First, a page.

Opposition MLAs teamed up to defeat the B.C. government’s efforts to allow construction union “raids” every summer when the NDP had a minority three years ago, but they could only question the costs and consequences as the amendments were moved through the B.C. legislature this week.
Prince George-Mackenzie MLA Mike Morris asked why the NDP was so determined to allow construction unions annual raiding rights, after projects like the Port Mann bridge and the Canada Line in Vancouver were built successfully without strict union rules. He connected the effort to the NDP’s restriction of large public construction to 19 favoured unions that have long supported their party.
“Is it to bring more unions into the government-approved union realm?” Morris asked in debate May 5. “Or is it to break the unions that are currently resisting government?”
Shuswap MLA Greg Kyllo, the B.C. Liberal labour critic, described a highway widening project in his constituency that is subject to the NDP’s “community benefits agreement” that forces all workers to join one of 19 mostly U.S.-based unions. The project went $20 million over its $160 million budget, even after the length of the widening was reduced by almost half from the original 6.1 km, he said.
A new hospital for Cowichan Lake was subject to the union restrictions and the provincial agency Infrastructure B.C. found a 23 per cent increase as a result, Kyllo said. Former transportation minister Claire Trevena said the union preference would only add seven per cent to the cost of public construction, with a new B.C. Institute of Technology campus being the latest project subject to it.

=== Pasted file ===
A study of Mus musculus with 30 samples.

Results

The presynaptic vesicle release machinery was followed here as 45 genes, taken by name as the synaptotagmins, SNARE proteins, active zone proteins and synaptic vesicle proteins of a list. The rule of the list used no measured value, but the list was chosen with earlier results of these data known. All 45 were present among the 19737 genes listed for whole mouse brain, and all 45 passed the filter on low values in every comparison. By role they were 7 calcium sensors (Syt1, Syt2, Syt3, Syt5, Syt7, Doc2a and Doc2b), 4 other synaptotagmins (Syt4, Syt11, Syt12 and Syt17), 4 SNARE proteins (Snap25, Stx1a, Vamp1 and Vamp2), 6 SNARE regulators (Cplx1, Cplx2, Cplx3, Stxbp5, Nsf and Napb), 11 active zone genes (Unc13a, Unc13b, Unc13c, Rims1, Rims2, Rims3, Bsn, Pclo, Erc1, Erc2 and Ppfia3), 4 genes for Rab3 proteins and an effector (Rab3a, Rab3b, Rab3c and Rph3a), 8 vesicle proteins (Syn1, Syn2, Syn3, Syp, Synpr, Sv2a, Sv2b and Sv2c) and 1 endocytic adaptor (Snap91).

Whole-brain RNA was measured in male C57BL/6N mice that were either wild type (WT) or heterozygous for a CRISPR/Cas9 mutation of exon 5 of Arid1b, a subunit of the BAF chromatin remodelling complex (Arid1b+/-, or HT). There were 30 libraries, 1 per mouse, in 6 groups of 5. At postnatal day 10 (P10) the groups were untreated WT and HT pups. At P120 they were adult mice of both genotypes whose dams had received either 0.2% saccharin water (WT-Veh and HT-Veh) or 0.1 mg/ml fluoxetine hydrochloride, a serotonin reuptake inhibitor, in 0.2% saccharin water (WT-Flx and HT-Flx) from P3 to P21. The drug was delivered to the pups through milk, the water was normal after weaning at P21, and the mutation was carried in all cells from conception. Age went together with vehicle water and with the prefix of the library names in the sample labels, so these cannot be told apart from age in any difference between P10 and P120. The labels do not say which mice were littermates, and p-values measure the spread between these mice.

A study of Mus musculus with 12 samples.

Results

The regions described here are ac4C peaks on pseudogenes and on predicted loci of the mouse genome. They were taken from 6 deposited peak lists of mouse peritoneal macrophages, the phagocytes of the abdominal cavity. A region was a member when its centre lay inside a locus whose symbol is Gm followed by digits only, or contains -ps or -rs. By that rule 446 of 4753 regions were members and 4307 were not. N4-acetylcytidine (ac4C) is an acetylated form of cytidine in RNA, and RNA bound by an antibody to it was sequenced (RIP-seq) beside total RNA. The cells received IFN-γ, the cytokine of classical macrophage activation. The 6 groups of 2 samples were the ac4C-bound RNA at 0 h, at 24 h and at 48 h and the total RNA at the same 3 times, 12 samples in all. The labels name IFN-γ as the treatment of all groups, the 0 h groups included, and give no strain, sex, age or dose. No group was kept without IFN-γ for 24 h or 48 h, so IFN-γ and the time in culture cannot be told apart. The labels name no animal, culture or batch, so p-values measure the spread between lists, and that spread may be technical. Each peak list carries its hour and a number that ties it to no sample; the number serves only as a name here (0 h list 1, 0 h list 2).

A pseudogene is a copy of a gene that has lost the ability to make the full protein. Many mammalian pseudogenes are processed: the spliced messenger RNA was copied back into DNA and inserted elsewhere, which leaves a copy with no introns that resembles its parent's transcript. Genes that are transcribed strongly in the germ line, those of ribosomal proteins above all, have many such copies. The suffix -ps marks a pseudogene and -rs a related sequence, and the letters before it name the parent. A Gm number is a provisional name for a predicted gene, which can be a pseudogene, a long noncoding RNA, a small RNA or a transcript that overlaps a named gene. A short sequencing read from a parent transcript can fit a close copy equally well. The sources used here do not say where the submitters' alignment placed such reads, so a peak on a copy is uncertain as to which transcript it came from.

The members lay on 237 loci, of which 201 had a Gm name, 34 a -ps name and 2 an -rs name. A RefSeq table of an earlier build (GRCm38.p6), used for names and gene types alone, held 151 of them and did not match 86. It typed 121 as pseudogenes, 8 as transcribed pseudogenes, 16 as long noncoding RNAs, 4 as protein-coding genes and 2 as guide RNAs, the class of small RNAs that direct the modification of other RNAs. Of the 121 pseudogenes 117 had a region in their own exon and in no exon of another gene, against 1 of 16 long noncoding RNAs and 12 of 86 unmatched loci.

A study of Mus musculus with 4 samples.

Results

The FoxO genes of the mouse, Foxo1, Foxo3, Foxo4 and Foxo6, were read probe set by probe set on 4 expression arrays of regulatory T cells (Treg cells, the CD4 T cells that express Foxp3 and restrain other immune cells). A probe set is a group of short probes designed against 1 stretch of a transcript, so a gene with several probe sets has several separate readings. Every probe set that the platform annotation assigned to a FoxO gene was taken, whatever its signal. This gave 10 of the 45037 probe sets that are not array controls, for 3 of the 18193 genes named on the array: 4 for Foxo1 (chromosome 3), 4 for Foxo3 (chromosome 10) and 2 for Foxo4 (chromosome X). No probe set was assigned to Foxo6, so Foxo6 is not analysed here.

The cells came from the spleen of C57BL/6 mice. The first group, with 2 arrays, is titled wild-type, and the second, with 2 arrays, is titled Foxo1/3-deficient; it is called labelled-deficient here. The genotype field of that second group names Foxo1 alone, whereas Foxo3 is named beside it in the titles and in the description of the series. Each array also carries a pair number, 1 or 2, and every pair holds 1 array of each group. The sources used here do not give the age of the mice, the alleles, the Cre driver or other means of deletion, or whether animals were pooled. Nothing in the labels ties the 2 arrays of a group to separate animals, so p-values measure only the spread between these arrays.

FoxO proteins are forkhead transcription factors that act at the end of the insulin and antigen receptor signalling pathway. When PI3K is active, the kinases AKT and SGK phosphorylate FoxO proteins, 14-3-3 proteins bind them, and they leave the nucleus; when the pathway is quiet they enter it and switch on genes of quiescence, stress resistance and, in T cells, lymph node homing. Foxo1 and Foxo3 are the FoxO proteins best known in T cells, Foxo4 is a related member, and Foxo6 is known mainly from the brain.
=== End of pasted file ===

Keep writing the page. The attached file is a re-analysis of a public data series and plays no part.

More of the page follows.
Labour Minister Harry Bains re-introduced amendments in April to remove provision for secret ballot votes in union certification, and to allow construction workers to change their union representation once per year instead of waiting for the third year of a union contract. Bains attempted to allow annual union “raids” on other union members in construction projects in 2019, as well as remove the secret ballot vote, but the B.C. Liberal and B.C. Green MLAs teamed up to defeat both measures.
Bains said in debate this week, as he argued in 2019, that the current law allowing union contracts to operate for three years before members can switch to another union is not compatible with construction, where projects don’t usually last three years.
One of the sites that has seen union raiding attempts is the Site C dam project, which is in its seventh year, the only open-shop dam project ever in B.C. Traditional trade unions, newer unions with less stringent craft lines that are the target of raids, and non-union companies are all working on the dam project near Fort St. John.